Sweden on Thursday officially recognised the state of Palestine, becoming the first western EU member to do so, in a move the Palestinians hailed as "historic" and Israel denounced as "deplorable."
"Today the government takes the decision to recognise the state of Palestine," Swedish Foreign Minister Margot Wallstroem wrote in the mass-circulation Dagens Nyheter daily, less than a month after the country's new prime minister announced the government's plans to make the controversial move.
"It is an important step that confirms the Palestinians' right to self-determination," she said, adding that "we hope that this will show the way for others."
The move comes as Israeli-Palestinian tensions soar in Jerusalem following months of almost daily clashes in the city's occupied eastern part.
Palestinian president Mahmoud Abbas immediately hailed Stockholm's decision as "brave and historic" and called for others to follow suit.
"All countries of the world that are still hesitant to recognise our right to an independent Palestinian state based on 1967 borders, with east Jerusalem as its capital, (should) follow Sweden's lead," his spokesman quoted him as saying.
Israel's foreign minister meanwhile denounced the move, saying it would undermine efforts to resolve the conflict.
"The decision of the Swedish government to recognise a Palestinian state is a deplorable decision which only strengthens extremist elements and Palestinian rejectionism," Foreign Minister Avigdor Lieberman said in a statement.
Sweden's new Prime Minister Stefan Loefven, a Social Democrat, announced in his inaugural address to parliament in early October that his country would become the first EU member in western Europe to recognise a Palestinian state.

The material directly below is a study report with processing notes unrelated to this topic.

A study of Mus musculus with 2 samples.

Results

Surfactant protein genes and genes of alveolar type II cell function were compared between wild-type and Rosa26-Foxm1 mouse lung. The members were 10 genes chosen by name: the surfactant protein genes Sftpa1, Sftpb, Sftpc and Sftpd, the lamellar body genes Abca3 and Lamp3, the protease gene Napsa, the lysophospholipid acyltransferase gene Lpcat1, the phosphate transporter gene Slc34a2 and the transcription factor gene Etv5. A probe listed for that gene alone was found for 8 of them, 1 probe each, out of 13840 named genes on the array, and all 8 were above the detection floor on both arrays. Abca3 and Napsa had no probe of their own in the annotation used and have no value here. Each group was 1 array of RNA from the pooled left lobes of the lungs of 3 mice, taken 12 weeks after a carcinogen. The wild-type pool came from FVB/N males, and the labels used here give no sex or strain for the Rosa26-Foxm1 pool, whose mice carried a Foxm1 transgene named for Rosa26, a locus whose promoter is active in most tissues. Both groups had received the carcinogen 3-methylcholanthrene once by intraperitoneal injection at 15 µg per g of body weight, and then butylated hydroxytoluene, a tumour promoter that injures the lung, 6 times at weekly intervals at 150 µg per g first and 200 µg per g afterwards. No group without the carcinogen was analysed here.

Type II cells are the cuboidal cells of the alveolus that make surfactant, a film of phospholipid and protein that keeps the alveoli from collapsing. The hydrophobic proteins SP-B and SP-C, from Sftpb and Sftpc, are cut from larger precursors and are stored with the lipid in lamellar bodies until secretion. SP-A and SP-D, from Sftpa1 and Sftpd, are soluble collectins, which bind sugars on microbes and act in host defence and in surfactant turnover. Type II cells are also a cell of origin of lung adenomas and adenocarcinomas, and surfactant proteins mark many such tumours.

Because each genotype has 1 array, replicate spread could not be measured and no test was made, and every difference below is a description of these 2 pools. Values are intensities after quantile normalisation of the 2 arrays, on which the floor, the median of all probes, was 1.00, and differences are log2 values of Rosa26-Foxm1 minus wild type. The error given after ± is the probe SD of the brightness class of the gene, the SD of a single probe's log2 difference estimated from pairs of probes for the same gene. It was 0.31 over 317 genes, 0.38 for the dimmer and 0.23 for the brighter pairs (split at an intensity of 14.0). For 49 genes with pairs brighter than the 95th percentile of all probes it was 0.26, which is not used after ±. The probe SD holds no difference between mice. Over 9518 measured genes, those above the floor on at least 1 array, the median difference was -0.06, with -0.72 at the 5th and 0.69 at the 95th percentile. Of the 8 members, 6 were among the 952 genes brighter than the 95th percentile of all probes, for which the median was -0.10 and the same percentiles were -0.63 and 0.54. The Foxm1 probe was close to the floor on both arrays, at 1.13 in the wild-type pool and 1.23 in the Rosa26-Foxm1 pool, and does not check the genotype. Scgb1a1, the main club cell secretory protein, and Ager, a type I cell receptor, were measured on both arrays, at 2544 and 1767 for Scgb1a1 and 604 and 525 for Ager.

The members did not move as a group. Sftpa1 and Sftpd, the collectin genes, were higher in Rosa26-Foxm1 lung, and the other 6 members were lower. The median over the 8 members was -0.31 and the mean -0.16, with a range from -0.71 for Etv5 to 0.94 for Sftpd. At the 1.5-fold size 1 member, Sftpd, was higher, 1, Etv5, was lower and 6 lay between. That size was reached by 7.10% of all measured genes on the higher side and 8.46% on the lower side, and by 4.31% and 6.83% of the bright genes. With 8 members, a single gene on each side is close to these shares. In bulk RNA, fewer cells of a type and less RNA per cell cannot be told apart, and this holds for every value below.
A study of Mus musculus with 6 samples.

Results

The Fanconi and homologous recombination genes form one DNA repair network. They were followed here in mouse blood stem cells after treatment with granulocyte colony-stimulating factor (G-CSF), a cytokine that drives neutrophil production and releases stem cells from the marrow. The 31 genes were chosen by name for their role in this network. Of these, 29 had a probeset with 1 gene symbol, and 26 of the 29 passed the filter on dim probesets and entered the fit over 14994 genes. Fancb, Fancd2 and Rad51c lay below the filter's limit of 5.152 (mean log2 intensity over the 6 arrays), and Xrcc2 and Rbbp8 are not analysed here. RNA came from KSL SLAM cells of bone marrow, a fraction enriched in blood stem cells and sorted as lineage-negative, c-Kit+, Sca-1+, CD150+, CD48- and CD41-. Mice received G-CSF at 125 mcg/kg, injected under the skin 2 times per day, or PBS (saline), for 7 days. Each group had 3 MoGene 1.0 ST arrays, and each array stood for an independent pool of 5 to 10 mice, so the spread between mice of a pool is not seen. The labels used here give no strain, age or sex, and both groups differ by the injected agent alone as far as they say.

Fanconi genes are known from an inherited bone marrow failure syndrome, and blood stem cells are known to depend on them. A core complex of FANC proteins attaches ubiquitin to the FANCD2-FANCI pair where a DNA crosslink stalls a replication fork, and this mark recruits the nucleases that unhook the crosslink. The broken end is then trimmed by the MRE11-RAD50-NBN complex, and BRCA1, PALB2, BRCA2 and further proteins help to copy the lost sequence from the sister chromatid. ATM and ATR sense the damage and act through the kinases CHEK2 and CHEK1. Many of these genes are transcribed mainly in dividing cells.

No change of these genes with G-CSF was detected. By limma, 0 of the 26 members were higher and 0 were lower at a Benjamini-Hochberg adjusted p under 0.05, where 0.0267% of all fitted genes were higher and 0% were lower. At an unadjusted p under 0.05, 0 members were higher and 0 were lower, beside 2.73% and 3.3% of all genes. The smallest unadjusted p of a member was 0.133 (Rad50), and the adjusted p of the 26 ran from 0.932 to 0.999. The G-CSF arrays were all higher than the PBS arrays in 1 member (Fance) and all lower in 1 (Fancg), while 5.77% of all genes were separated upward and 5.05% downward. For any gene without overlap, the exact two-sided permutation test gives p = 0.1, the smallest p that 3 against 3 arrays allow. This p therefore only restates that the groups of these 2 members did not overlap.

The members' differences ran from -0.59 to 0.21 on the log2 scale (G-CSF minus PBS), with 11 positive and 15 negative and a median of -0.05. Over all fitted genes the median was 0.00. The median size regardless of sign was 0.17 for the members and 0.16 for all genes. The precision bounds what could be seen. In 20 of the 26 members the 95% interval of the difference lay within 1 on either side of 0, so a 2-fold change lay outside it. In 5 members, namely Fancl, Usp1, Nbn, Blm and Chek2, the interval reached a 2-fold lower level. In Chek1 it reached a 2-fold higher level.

While the Palestinians cheered the move, Israel summoned Sweden's ambassador to protest and express disappointment.
The United States cautioned Sweden against recognition, calling it "premature" and saying the Palestinian state could only come through a negotiated solution between Israelis and Palestinians.
Israel has long insisted that the Palestinians can only receive their promised state through direct negotiations and not through other diplomatic channels.
Seven EU members in eastern Europe and the Mediterranean have already recognised a Palestinian state -- Bulgaria, Cyprus, the Czech Republic, Hungary, Malta, Poland and Romania. Non-EU member Iceland is the only other western European nation to have done so.
Wallstroem, in Thursday's opinion piece, said that there were some "who will maintain that today's decision comes too early."
"I'm afraid it comes too late," she wrote. "The government will now have to work with the other EU countries as well as the United States and other regional and international actors for the support of new negotiations."
In Thursday's announcement, Sweden's foreign minister said that "the government considers that international law criteria for recognition of a Palestinian state have been fulfilled."
Observers said it was too early to tell if the Swedish step would prompt other countries to make similar moves.
"It's really hard to say how many countries will actually take the plunge and follow Sweden," said Michael Schulz, an expert on the Middle East and conflict issues at the University of Gothenburg.
"For the EU to recognise Palestine, that would require all member states to agree, so it's unlikely," he said, estimating that Stockholm's decision "shouldn't change much" over the short term.
"We must see how Israel will react if they will continue their policy of settlement or if they will instead be more cautious."